UN Climate Summit Begins in Peru

Mythili Sampathkumar/Lima
UN Climate Summit Begins in Peru

Officials from over 190 nations, including India, today converged here at the UN climate summit to negotiate on a new ambitious and binding deal to cut global carbon emissions, in the last chance to reach on a historic deal to be signed next year in Paris.

Negotiations have been ongoing for 20 years, as the UN continues to bring its member countries together to help curb the damaging effects of coal burning and gasoline use, among other sources of pollution.

During the 12-day summit in the Peruvian capital, countries will put forward what they plan to contribute to the 2015 pact in the form of Intended Nationally Determined Contributions (INDCs) by the first quarter of 2015, well in advance of the Paris conference in December.

The Lima conference needs to provide final clarity on what the INDCs need to contain, including for developing countries who are likely to have a range of options from, for example, sector-wide emission curbs to energy intensity goals.

Environment Minister Prakash Javadekar leads India's 17- member delegation to negotiate terms for the final agreement to be signed in Paris, which will take effect in 2020.

Ahead of the summit, a report by UN Intergovernmental Panel on Climate Change warned that populous coastal cities Mumbai and Kolkata are most vulnerable to loss of life and properties due to flooding in the second half of the century.

"Never before have the risks of climate change been so obvious and the impacts so visible. Never before have we seen such a desire at all levels of society to take climate action," said Christiana Figueres, Executive Secretary of the UN Climate Convention.

The UN report warned against extreme weather events like occurrence of heatwave, heavy precipitation, droughts, floods, cyclones and wildfire that cause damage to ecosystems and human systems in various regions.

It suggested that given the current levels of greenhouse gases in the atmosphere and top polluters' expected emissions in the coming years, it may be impossible to stop the planet from warming to the breaking point of 2 degrees Celsius. 

The overarching goal of the Peru summit, which may stretch beyond 12 days if issues remain unresolved, is to have domestic plans in place to reduce emissions, which they would be held to once the Paris 2015 agreement is signed.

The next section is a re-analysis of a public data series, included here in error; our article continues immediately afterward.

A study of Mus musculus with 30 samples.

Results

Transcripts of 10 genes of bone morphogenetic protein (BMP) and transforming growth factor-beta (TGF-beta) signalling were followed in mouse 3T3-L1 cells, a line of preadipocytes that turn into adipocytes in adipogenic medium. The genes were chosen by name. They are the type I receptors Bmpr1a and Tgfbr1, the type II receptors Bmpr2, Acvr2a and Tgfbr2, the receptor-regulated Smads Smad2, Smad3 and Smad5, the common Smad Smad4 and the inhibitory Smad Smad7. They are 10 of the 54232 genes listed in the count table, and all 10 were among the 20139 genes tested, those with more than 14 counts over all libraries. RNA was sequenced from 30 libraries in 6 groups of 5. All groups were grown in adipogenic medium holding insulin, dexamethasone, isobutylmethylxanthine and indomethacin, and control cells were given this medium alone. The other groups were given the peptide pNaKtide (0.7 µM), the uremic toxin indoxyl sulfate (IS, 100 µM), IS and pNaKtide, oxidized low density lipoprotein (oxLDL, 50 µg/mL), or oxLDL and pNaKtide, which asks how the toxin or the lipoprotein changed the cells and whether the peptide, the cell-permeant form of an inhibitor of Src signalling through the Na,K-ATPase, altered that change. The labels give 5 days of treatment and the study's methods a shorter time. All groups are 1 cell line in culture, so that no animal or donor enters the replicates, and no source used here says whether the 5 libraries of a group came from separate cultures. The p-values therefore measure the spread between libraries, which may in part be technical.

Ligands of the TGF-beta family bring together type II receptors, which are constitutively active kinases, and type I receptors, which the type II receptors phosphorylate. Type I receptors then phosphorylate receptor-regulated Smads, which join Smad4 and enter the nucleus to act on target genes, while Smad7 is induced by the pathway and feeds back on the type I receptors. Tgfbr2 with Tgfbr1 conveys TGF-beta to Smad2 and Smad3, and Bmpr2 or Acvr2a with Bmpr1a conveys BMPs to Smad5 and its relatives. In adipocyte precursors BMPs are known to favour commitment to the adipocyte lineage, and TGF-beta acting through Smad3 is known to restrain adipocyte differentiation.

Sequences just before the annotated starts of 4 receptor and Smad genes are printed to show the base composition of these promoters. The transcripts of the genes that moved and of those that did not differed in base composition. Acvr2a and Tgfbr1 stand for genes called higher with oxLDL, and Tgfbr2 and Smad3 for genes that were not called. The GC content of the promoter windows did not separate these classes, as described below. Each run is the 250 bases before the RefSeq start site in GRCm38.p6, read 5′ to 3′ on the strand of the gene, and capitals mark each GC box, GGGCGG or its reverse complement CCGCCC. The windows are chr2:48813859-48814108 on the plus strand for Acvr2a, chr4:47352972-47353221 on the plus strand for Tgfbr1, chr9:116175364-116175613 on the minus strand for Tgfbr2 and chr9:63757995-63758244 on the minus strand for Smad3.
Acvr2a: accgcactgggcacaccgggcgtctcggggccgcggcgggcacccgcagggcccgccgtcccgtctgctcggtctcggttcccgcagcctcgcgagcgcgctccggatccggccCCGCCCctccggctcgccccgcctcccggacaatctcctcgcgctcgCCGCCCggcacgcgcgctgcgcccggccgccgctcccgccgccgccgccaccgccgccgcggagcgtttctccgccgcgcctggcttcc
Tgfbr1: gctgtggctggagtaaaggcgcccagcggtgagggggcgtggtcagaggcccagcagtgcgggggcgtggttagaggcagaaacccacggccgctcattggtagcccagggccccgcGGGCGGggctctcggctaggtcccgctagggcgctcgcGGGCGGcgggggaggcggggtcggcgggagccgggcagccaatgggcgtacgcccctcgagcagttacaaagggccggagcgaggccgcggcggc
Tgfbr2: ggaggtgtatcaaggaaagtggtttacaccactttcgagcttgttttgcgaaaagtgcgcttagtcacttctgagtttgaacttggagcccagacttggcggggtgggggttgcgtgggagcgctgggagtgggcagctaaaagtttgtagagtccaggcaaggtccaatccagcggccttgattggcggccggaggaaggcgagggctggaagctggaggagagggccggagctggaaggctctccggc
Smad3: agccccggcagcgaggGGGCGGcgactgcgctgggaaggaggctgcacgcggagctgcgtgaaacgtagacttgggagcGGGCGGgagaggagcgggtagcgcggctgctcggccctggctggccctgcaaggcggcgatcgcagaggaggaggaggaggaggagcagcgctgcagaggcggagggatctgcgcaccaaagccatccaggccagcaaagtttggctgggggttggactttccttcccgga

In previous years, agreements like the 1997 Kyoto Protocol did not require countries like India and China to commit to any cuts, but that has changed in light of emissions rates and economic growth.

The summit comes weeks after US President Barack Obama and his Chinese counterpart signed a historic deal in November under which the US would reduce emissions by 28 per cent by 2025 and China would reduce emissions by 2030.

The agreement between the two biggest polluters will provide momentum, and pressure, for other countries to announce similar plans.

For India, experts said, emissions reductions are only expected by 2040.

The Indian delegation will be in hundreds of meetings and discussions in Lima involving several concurrent themes within the climate change negotiation framework.

The focus, however, will be on two main issues: developed countries' actions before 2020 and the structure of country commitments for the 2015 agreement.

Since the Paris agreement will only come into effect in 2020, developed countries previously agreed that emissions reduction efforts would be ramped up between now and then.

The developed world has fallen short of its commitments. Any inaction on their part will likely fall onto the laps of countries like India in the post-2020 era in order to compensate.

The Indian delegation will likely push one last time in Lima for solid action from developed countries to ensure a more fair agreement next year.

India will also negotiate vigorously on the structure of the INDCs, which are the domestic plans for emissions cuts to be included in the 2015 agreement and supposed to be set by March 2015.

India and other developing countries want these INDCs to focus less on mitigation and more on adaptation mechanisms, binding financial commitments, and technology sharing - terms which developed countries have been arguing against fiercely for years citing population and economic growth, politics, and global responsibility as reasons.